The march organised by the RMT rail union from Glasgow to London demanding the renationalisation of the industry reached the capital last Saturday.
One thousand people joined the final leg. “The purpose of the march was to show the public how rail workers feel about the state and safety of the railways since privatisation,” said Jade, a train driver’s daughter aged 13.
Everybody on the Rail Against Privatisation march was in positive, fighting mood, happy to fly their flags and haul their banners behind the stirring music of the brass band.
The crowds lining the route waved in encouragement as it weaved its way through the West End, past the University of London to Camden.
I asked Mark Harding, a London Underground driver and secretary of the Hammersmith & City branch of the RMT, what the reaction of the public had been up and down the country.
He said it had been “very positive. The public are behind us on this one and the march is a lead to other unions to join the anti-privatisation cause.”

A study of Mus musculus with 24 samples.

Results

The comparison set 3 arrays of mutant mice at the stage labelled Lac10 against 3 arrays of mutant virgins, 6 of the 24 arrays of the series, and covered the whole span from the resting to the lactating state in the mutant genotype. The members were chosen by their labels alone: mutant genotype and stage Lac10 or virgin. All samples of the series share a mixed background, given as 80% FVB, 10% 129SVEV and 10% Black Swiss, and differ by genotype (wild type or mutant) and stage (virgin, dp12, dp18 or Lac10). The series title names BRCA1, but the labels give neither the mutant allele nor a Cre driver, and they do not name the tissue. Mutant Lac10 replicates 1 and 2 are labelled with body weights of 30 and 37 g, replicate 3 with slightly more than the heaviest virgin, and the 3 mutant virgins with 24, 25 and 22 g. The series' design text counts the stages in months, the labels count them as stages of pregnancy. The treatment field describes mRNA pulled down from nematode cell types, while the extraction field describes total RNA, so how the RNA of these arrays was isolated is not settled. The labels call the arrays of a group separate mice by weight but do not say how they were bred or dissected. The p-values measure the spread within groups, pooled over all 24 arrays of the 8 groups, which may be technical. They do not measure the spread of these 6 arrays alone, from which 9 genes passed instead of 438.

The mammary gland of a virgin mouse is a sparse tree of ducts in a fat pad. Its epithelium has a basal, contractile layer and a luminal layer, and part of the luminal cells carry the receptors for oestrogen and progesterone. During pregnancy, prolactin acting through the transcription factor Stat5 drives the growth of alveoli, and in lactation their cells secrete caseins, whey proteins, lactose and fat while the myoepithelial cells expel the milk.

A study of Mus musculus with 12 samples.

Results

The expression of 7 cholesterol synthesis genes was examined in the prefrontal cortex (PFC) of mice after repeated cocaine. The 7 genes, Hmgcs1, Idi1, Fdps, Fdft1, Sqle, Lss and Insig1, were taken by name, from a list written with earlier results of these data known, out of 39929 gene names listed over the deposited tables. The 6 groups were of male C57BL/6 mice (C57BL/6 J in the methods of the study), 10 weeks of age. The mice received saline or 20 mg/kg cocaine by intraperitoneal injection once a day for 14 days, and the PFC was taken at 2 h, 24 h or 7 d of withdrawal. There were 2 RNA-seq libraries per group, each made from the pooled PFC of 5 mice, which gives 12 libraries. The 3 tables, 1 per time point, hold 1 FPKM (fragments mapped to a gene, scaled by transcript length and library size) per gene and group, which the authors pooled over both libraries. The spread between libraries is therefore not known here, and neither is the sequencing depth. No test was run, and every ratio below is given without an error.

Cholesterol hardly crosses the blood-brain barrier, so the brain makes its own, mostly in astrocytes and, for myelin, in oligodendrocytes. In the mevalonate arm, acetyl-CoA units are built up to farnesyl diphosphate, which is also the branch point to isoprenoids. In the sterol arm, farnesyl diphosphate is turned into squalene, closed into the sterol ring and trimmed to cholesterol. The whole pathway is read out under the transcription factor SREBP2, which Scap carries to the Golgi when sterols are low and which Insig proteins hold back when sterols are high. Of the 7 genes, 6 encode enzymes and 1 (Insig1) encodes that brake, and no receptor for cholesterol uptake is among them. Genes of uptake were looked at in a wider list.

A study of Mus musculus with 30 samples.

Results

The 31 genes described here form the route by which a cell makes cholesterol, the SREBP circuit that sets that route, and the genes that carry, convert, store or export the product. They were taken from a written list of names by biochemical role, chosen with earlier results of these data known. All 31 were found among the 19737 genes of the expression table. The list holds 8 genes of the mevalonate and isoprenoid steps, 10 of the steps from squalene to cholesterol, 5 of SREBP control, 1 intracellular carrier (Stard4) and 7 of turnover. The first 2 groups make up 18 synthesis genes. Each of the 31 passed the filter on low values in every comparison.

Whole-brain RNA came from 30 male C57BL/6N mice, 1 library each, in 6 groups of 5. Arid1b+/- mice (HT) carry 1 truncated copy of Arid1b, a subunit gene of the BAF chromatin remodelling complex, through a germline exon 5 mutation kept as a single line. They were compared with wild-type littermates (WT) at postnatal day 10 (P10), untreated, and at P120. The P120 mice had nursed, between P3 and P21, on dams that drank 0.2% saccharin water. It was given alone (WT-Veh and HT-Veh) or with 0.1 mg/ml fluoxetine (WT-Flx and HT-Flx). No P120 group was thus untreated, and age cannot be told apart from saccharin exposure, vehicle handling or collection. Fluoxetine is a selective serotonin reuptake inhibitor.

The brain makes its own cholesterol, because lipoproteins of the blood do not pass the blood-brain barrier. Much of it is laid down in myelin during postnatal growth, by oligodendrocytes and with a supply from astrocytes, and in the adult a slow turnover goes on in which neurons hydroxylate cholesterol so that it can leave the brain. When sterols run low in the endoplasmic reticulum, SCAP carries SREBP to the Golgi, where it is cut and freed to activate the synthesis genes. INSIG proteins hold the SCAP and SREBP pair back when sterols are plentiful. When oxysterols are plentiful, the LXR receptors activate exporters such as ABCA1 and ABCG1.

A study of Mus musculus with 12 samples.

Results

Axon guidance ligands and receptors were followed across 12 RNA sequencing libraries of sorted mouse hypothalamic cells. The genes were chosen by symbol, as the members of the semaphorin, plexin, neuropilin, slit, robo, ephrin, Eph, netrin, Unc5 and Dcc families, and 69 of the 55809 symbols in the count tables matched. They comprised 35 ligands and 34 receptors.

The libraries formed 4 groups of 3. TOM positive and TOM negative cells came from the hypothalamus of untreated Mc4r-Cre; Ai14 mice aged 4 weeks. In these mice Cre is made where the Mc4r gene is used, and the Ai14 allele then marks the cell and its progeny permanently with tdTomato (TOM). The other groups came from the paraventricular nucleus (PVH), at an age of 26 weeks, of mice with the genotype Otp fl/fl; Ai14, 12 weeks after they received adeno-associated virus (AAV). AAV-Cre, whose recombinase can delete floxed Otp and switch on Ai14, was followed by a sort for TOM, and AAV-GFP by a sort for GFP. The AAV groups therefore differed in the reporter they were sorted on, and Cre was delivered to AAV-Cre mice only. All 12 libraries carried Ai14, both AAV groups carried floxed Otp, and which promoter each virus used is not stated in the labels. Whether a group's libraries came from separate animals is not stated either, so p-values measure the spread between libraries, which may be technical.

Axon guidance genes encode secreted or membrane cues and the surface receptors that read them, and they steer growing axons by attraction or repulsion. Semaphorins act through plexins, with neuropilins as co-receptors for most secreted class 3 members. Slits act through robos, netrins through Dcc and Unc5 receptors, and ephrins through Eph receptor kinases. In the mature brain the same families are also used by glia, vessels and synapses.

Kelly, a rail worker from Edinburgh, said the march had made an impact with the public by making them aware of the issues but it’s only the start — “Victory is going to take time.”
Kyran Connolly a member of the National Union of Journalists joined the march in London to show solidarity. “Renationalisation of the railways was vital to secure the transport structure,” he said. “I am appalled at the lack of support by the TUC.”
The march and rally, which was addressed by RMT general secretary Bob Crow and his counterpart from the PCS civil service workers’ union, Mark Serwotka, among others, were a success.
But there is a lot of work to do. The general feeling that “this was the beginning, not the end” begs the question what next and when to achieve renationalisation under the next government.